In the high-pressure world of college admissions, maybe it's the parents who need a time-out most of all.
In a letter to parents of seniors at the prestigious Washington, D.C.,-area Sidwell Friends School at the end of December, director of college counseling Patrick Gallagher made it clear that he was done entertaining bad behavior — not from the teenagers in his school, but from the adults.
Apparently, some of those adults have been trying to improve their own children's chances for college admission by anonymously badmouthing other classmates — with a desperation not unlike that of a group of rich and famous parents now indicted by the FBI for cheating and bribing their children's way into highly selective universities.
Gallagher's letter stated he felt it necessary to lay down new rules "due to unfortunate behavior of some parents," he wrote.
Among those policies, as first reported by The Washington Post: "The College Counseling Office will not answer phone calls from blocked numbers. The College Counseling Office will not open any mail without a recognizable return address." Also: "While I often arrive at the office well before 8:00 a.m., that does not mean a parent should ever be waiting for me in the vestibule, parking lot, or outside my office door," Gallagher wrote.
He added, "If a parent ever feels the need to inform me or my colleagues regarding the actions of a child that is not their own — I will ask you to leave my office or end the phone conversation. If you refer to yourself as, 'I am not that type of parent,' you are telling me loud and clear that you are!"
Parental meddling and bad behavior, as it was very publicly revealed recently in the college admissions cheating scandal, is not isolated to the tony halls of Sidwell Friends, where Sasha Obama is a student.
Independent college consultant Sara Harberson, who has worked in the admissions office at both the University of Pennsylvania and at Franklin & Marshall College in Lancaster, Pennsylvania, told TODAY Parents that the offices received anonymous letters, emails, and phone calls "tattling" on applicants every year.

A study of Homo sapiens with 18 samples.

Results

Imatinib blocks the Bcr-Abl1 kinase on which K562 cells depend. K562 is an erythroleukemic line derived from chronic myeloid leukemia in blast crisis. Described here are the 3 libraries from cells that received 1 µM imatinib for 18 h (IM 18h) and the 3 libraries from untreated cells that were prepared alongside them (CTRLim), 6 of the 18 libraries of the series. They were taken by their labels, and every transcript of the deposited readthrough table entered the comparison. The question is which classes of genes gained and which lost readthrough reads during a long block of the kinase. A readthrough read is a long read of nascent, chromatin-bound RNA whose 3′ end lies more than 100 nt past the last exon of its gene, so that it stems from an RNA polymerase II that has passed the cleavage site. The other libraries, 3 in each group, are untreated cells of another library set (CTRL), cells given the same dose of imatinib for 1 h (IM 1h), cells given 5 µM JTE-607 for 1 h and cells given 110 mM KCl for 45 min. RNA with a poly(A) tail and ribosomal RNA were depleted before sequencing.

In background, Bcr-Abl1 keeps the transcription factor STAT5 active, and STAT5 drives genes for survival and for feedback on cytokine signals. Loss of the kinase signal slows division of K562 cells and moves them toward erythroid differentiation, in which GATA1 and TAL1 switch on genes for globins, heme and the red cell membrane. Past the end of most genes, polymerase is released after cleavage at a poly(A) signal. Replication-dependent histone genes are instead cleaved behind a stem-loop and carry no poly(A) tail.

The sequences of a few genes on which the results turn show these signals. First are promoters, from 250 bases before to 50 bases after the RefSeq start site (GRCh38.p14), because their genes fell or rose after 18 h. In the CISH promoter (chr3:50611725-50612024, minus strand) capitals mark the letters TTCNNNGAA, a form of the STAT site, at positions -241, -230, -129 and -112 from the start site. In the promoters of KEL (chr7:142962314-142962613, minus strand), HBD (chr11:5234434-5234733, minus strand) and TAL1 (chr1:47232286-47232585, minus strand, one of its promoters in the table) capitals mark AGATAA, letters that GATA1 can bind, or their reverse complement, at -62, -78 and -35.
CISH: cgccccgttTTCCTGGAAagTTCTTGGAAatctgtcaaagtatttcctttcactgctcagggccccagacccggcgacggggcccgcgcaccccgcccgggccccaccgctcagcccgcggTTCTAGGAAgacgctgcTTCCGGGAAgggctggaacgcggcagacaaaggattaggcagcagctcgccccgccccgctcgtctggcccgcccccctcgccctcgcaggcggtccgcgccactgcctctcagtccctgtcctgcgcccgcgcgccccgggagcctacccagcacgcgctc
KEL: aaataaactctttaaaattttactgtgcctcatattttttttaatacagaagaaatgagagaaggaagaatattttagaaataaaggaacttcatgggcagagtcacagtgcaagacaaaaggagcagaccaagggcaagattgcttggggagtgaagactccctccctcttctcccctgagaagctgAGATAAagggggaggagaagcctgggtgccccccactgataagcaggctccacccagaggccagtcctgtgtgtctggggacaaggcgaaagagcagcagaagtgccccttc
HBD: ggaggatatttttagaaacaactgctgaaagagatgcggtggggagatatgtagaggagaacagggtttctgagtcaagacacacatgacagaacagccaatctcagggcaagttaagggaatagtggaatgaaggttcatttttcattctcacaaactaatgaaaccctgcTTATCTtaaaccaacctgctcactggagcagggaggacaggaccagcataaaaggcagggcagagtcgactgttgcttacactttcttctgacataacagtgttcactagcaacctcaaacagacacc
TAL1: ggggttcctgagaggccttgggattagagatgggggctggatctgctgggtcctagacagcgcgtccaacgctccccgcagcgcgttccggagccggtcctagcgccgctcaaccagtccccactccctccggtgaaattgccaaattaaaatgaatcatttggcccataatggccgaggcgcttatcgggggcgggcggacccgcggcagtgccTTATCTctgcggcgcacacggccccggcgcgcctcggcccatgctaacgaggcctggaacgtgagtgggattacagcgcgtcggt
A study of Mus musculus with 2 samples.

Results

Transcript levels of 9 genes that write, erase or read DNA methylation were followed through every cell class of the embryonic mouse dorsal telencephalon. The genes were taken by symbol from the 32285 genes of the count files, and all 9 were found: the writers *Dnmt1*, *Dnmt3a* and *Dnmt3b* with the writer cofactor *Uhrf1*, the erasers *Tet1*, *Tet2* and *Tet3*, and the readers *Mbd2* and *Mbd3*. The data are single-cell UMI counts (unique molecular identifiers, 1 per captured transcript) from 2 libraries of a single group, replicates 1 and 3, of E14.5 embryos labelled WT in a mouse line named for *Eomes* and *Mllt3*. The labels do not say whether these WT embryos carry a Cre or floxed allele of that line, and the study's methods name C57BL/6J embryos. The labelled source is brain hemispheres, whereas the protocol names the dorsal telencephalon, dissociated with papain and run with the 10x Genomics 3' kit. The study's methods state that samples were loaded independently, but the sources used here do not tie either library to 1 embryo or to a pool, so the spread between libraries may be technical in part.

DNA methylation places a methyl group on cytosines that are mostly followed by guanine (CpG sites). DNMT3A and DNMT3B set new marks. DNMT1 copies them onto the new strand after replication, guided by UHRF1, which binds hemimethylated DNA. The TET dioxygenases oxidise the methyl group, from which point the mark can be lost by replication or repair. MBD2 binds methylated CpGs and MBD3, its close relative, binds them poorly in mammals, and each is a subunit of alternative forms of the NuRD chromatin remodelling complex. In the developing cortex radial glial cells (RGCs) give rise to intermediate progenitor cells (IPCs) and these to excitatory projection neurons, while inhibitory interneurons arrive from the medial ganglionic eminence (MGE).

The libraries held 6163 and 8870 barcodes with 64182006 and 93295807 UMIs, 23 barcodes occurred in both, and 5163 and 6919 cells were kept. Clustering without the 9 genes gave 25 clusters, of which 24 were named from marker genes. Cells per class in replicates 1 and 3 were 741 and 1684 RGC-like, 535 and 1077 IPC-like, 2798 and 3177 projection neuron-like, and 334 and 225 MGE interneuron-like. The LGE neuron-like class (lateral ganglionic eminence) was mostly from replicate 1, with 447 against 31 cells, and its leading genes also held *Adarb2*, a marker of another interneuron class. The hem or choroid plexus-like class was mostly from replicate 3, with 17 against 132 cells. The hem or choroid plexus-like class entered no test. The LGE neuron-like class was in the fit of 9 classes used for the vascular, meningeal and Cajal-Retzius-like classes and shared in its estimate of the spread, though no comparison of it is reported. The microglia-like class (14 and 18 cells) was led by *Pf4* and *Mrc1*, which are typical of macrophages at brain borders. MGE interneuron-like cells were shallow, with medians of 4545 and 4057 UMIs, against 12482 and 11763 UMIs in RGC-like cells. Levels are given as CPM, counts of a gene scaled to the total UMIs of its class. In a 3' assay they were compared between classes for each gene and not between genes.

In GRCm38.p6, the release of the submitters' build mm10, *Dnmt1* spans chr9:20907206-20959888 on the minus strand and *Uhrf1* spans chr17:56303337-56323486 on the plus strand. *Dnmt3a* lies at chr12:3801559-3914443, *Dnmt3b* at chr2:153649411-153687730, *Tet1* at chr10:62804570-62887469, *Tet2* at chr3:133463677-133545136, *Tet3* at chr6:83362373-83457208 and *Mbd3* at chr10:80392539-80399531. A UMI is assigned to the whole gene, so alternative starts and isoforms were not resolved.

"They would allege that the student was involved in cheating, illegal activity, or misconduct," Harberson said. Though most application materials were usually taken at face value during the review process, receiving a clandestine communication would trigger an informal investigation by the admissions officer handling the accused student's application, she said.
After reaching out to the student's counselor of record and other members of the school community to find out if the accusations were true, the admissions officer would contact the student to hear their side of the story.
"No matter what, the student usually had to put something in writing to explain the situation," she said.
In the end, the "tattling" was often effective. "While there were investigations that revealed no truth to them, most of the time there was a thread — or more — of truth to the anonymous tip.
"Overcoming any thread of truth was difficult for the student in the admissions process, as admissions officers weed out students for the smallest little thing given the size and quality of their applicant pool," said Harberson.
In his letter, Gallagher — who describes himself as a 52-year-old Jesuit man in his fourth year at the Quaker Friends school — urged parents to "get hold of yourselves."
"To those parents who feel superior and entitled — you are working with a Director of College Counseling who maintains ethics and does not believe that an Ivy League admission spot 'belongs to anyone' simply by class or position," Gallagher asserted. He also asked for only the students to use the drop-in times at his office.
Harberson also encouraged parents to let their children take control of the process. "This is a student process and should be led by students," she said — even in cases where there is misconduct.
"If they learn of something that is inconsistent or antithetical to the college process, they should approach their counselor of record or another faculty member at their high school to help navigate this delicate situation," she advised.
It is the high school's responsibility to determine what should be reported to colleges, said Harberson: "It is not only the reputation of the accused student on the line; the high school's reputation could take an even bigger hit if they knew something and didn't share it."
Harberson also made a call to action for colleges to help end this kind of behavior she believes is at least partially caused by the current college admissions climate.
"Colleges need to get ahead of this and come together to make clear instructions as a collective industry," she said. She urged college admissions offices to implement verification processes into their application reviews immediately and to let students know there will be repercussions for falsifying their applications or for falsely accusing another student.
"We reached a nadir this year as it was finally revealed that colleges weren't being completely truthful and transparent themselves," said Harberson. "Some families felt the only way to overcome the odds was to play dirty. This behavior fueled those 'tattle-talers' even more."
Gallagher cited a personal favorite quote as advice to his seniors' parents, adding that it fits well with Sidwell Friends' Quaker tenets: "Don't speak unless you can improve the silence."